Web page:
BNP Paribas Open (9)

Coverage from ATP Masters 1000 / WTA Premier Event Tournament at Indian Wells, California, March 8 - March 21, 2011

Monday, 21 March 2011 19:27

Indian Wells: The Final Volley


As I walk through the practice courts, I realize why the grounds seem different today. There are normally players out there, making some noise on court, maybe playing soccer on the grass. But today there are no players. It's quiet. Many have flown on to Miami, some are probably golfing nearby. A few of the doubles players will be in today for a Pro-Am tournament; doubles players can always use a little extra cash. But now there are only four players in the tournament, and they have the run of the place. I sit on the patio to have a coffee and look over some photographs and await the players. Marion Bartoli is the first to arrive. She walks past me, headphones on and staring straight ahead. Her father is walking a few steps behind, talking on a cell phone. Five minutes later, it's Caroline Wozniacki. Her entourage is slightly larger, but the scene is the same. Caro walks in front, listening to music. She looks the more relaxed of the two. She makes eye contact with me, and smiles. I nod.
Sunday, 20 March 2011 11:32

Indian Wells: How to Shoot Tennis Like a Pro


Tennis players move fast. They change direction on a dime. They all have different swings to time, different motions, and their swings change based on a number of factors. I spent my first couple of days with players jumping out of frame, racquets in front of faces, and mostly too early or late to get the ball in frame. But I adapted. I learned from my mistakes. I met some amazingly generous agency photographers who gave me some tips, and I worked hard to hone my skills. Hopefully, you can see my progress in the 2011 BNP Paribas Open Gallery.

I can't tell you how many people have seen me walking or shooting around the grounds and asked for some advice, which I happily gave (sometimes too much I imagine - I do love to talk shop.) Since we'd all like to improve our tennis shooting skills, I thought I'd pass on my best tips - hopefully you find something helpful in here.

Saturday, 19 March 2011 00:46

IW Exclusive: An Interview with Somdev Devvarman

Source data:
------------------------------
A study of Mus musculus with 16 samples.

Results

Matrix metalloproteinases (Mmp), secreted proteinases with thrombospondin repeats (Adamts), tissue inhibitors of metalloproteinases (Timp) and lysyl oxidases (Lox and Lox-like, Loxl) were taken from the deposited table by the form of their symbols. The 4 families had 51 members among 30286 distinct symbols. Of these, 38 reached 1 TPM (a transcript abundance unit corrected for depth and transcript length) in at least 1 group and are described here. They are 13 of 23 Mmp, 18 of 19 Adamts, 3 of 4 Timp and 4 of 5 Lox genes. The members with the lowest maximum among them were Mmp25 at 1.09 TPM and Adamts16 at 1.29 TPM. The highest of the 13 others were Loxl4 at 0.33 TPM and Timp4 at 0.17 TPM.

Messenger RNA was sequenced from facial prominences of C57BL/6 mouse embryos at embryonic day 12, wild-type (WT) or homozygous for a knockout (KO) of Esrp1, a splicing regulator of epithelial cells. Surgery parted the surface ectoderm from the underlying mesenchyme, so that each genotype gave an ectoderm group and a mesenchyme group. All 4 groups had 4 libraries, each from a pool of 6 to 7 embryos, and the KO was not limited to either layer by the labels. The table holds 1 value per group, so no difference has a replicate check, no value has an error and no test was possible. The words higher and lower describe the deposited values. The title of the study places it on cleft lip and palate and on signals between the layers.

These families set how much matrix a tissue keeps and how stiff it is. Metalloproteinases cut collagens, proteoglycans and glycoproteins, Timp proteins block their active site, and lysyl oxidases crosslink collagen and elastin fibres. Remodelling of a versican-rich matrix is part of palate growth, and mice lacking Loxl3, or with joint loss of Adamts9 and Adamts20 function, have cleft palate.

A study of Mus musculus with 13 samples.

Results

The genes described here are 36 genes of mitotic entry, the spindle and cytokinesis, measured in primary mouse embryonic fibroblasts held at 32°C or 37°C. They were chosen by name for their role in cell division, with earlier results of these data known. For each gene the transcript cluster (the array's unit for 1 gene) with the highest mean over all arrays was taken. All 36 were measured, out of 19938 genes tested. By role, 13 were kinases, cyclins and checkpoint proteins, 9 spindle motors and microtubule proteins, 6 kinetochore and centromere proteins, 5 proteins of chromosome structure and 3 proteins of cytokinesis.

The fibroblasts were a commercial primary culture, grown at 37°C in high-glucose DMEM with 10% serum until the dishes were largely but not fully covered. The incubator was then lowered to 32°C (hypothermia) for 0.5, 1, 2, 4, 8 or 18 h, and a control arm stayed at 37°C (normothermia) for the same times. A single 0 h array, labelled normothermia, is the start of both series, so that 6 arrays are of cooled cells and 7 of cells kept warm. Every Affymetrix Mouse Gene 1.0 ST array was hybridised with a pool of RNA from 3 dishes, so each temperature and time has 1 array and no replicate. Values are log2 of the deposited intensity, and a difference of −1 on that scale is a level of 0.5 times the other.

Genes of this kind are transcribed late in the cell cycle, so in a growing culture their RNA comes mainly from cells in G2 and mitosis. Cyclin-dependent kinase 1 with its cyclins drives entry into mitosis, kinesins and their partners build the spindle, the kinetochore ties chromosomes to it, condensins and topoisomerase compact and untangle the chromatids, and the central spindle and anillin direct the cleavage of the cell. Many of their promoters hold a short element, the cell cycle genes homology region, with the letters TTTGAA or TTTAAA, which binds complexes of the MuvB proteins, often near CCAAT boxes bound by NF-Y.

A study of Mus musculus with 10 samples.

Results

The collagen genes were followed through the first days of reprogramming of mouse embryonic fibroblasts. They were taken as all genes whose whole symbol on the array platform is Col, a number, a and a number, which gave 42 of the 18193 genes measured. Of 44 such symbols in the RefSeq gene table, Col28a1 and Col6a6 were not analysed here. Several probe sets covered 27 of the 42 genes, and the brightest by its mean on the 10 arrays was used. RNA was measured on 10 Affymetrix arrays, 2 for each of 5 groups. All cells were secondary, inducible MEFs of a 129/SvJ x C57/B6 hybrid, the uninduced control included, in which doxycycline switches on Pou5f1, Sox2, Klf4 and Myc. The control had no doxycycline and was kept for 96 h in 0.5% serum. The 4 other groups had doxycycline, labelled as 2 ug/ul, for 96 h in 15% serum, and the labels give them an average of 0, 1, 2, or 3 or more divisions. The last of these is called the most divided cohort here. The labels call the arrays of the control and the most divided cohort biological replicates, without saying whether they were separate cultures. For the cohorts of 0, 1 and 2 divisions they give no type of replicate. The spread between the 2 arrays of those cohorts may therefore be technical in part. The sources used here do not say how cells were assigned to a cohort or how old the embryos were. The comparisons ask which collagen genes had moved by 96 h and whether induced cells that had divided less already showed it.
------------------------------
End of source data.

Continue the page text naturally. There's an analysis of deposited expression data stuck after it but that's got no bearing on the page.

The Indian native was something of a phenomenon in college, playing for the University of Virginia. In 2007, he played a tenacious NCAA championship match against John Isner, winning with a final score of 7-6(7), 4-6, 7-6(2). In 2008, he had an unprecedented record of 44-1 and won a second consecutive NCAA Championship. 

Devvarman went pro after that, but had an uninspired first couple of years on the ATP World Tour. Asked this week if he was frustrated with his progress while Isner, a guy whom he had beaten in college, rose into the Top 25, Somdev answered that, actually, the success of Isner and other fellow collegiate players, Kevin Anderson and Jesse Levine, inspired him and gave him confidence. He said he felt that, "if they can do it, I know I can do it, 'cause I beat those guys!"

On Wednesday night, Devvarman put up an amazing fight in a thriller of a match against World No. 1 Rafael Nadal, and won himself a lot of new fans in the 7-5, 6-4 loss. sat down with Somdev that night to get his take on the match:

Thursday, 17 March 2011 14:06

Indian Wells: Another Game for Milos!


Raonic first came to the world's attention at the 2011 Australian Open, running through qualifying and reaching the Fourth round, knocking out World No. 10 Mikhail Youzhny on the way. He followed that up by winning the San Jose title (beating World No. 9 Fernando Verdasco in the Final). The next week he played in Memphis, where he lost in the Final to World No. 8 Andy Roddick (he beat Verdasco again in the opening round). After starting the year ranked right outside the Top 150, the Canadian entered the BNP Paribas Open as the World No. 37, but because entry cutoff was six weeks prior, he needed a wildcard to avoid qualifying.

I find Raonic on the practice courts early in the morning and watch his entire session. Having never seen him outside of a match, it isn't obvious at first if Milos is just a very relaxed, efficient kind of guy, or if he is dead tired. I now think it was the latter. He drags himself around the court, looking pretty lazy in the 83-degree heat. Raonic has logged a lot of miles this year. Now, it's one thing to play a lot of consecutive tournaments when you only get one or two matches at each, but Milos has been playing deep into the draw in many weeks. It has clearly taken its toll. He hits at half-power for about five minutes, then sits and talks with his coach. Then he hits a few weak serves and rests again. But the amazing thing is that when his coach asks for energy, Milos summons it up. I watch as he starts practicing his first serve at full power. First he serves into the deuce court: five out wide, five up the middle. Then he does the same into the ad court. Then back again. Raonic is absolutely crushing the ball. He hits 30 serves, about 80% of them in, and all within a foot and a half of the corner he's is targeting. After he's done, he slumps his shoulders, hangs his head and shuffles to the bench. It is the same routine for forehands, backhands, and volleys. I'm guessing this guy is simply on autopilot. He plays his tennis, and his people and the ATP manage everything else.